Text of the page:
Rachel Knight, 31, has countless stories about money being tight when she was growing up. There was the time when she was six years old and her parents couldn’t afford to take her younger sister to the doctor.
There were the mornings in the middle of January when there was neither hot water nor bath soap, so she had to take a cold shower with grainy laundry detergent. There was the teasing from kids at school who mocked the clothes she wore—the oversize, stained T-shirts that her family got for free from the church mission.
“People talk about being poor,” says Knight. “but unless you know what it’s like to go hungry so your kid sister can have the other half of the only bologna sandwich you’ll get for the day,” she says, “you don’t know a thing.”
Now Knight, a wife and mother, has a good job, and, in theory, is living the American dream. Still, though her household income is about $140K per year, neither she nor her husband has any savings.
And every month, the minimum payments on their credit cards grow closer to exceeding the cost of their mortgage. She knows she’s headed for financial disaster, yet she continues to hit the spa and download shopping apps from her favorite stores.
Knight acknowledges that her extravagant spending is likely a knee-jerk reaction to the lean years of her childhood.
Why the Poor Spend More
And she’s not alone: In fact, her spending behavior is echoed by scientific research. A recent study published in the February 2013 edition of Psychological Science suggests that, surprisingly, adults who grow up with fewer financial resources are more likely to be heavy spenders during times of economic crisis, whereas those who grew up wealthier will respond to tough times by cutting back.
“‘Every time I see something I want, I buy it. If I don’t, my mind goes back to being that poor kid, living in the projects.’”
One would think that someone who knows what it’s like to be less fortunate would be afraid of doing anything that might put them back in that position again, but that’s not so according to Professor Joshua Ackerman, a co-author of the study: “As adults in times of stress, particularly economic stress,” he says, “people who grew up relatively wealthy tend to be more interested in saving whereas people who grew up relatively poor tend to be more interested in spending. Although neither strategy is irrational, the spend-now strategy could create longer-term problems over people’s lives. So, if you grew up relatively poor, you may have to battle your instincts or immediate preferences in times of stress in order to ensure your long-term financial health.”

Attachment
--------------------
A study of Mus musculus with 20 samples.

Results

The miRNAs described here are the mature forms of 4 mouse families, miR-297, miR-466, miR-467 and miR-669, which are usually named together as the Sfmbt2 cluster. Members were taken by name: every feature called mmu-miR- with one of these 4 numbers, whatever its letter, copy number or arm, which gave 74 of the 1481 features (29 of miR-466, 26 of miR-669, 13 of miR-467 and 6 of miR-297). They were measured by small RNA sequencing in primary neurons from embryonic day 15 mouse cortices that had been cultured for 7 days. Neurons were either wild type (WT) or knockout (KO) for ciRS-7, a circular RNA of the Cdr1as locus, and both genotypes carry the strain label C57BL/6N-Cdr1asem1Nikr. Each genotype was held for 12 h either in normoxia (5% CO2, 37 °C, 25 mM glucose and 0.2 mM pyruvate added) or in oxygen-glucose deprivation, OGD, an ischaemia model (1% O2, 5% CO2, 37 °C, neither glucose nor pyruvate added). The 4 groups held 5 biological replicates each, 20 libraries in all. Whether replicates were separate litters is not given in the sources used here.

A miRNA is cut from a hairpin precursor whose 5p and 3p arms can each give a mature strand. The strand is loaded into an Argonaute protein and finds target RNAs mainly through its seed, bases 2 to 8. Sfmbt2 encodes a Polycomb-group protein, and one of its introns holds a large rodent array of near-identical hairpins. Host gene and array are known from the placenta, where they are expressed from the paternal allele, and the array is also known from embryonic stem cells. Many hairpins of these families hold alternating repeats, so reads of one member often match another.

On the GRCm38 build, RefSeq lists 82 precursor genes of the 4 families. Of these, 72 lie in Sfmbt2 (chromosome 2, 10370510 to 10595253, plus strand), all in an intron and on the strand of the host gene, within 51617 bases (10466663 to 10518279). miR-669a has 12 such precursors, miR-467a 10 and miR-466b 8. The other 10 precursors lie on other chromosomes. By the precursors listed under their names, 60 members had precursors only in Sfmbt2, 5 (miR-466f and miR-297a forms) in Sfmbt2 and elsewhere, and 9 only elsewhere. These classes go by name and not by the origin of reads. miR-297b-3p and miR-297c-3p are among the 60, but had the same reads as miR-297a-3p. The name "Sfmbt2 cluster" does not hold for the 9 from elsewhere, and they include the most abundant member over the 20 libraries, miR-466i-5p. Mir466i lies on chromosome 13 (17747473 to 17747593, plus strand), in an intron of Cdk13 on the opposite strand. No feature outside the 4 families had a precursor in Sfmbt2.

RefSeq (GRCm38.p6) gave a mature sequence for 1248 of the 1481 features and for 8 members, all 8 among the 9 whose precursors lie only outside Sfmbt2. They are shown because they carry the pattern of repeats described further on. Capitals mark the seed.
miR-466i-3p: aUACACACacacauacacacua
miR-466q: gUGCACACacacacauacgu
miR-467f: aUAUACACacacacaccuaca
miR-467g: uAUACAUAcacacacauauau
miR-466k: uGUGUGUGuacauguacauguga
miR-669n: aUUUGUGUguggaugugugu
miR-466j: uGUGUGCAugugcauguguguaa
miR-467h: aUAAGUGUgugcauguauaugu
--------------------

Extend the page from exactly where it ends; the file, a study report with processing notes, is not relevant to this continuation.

And, for Rachel Knight and others like her, often that first instinct is to whip out your wallet. “Every time I see something I want, I buy it,” Knight says. “Because if I don’t, my mind goes back to being that poor kid, living in the projects, and all I can think is, ‘I know I deserve better…’”
How to Beat “I Deserve It” Syndrome
“I deserve it” is one line with which Katie Brewer, a certified financial planner™ with LearnVest Planning Services, is very familiar.
“I hear it from people all the time,” Brewer says of her financial planning clients. “They spoil themselves as adults because they’re making up for all the ways they felt deprived as kids.”
In other words, although Knight is no longer poor, her spending habits are in danger of putting her back in the poor house.
“When I think about how my kids are growing up, I wonder if they are going to struggle with the same problems I’ve had because my parents never really saved much, and now I have nothing in my savings account,” she says.
But Brewer says Knight—and others like her—can change. “You are not your parents, and you are not your past,” she says. “Just because they went down a rocky path doesn’t mean that you have to.”
Here, the three things that Brewer says will keep you from reacting like a poor person—so you can finally live richly.
1. Avoid Deprivation Spending
Saying “I deserve it” is one of the biggest culprits behind failed diets—and failed budgets. You see something that you want to buy (or eat) but you don’t really need, so you tell yourself no. Then that “no” starts gnawing at you and you feel deprived.
You may begin telling yourself that you’re a grown-up who can spend her money however she chooses. So you decide to treat yourself just this once. The problem, Brewer says, is that it’s never a good idea to make financial decisions based on a feeling of deprivation. Instead, she suggests turning the “I deserve” on its head.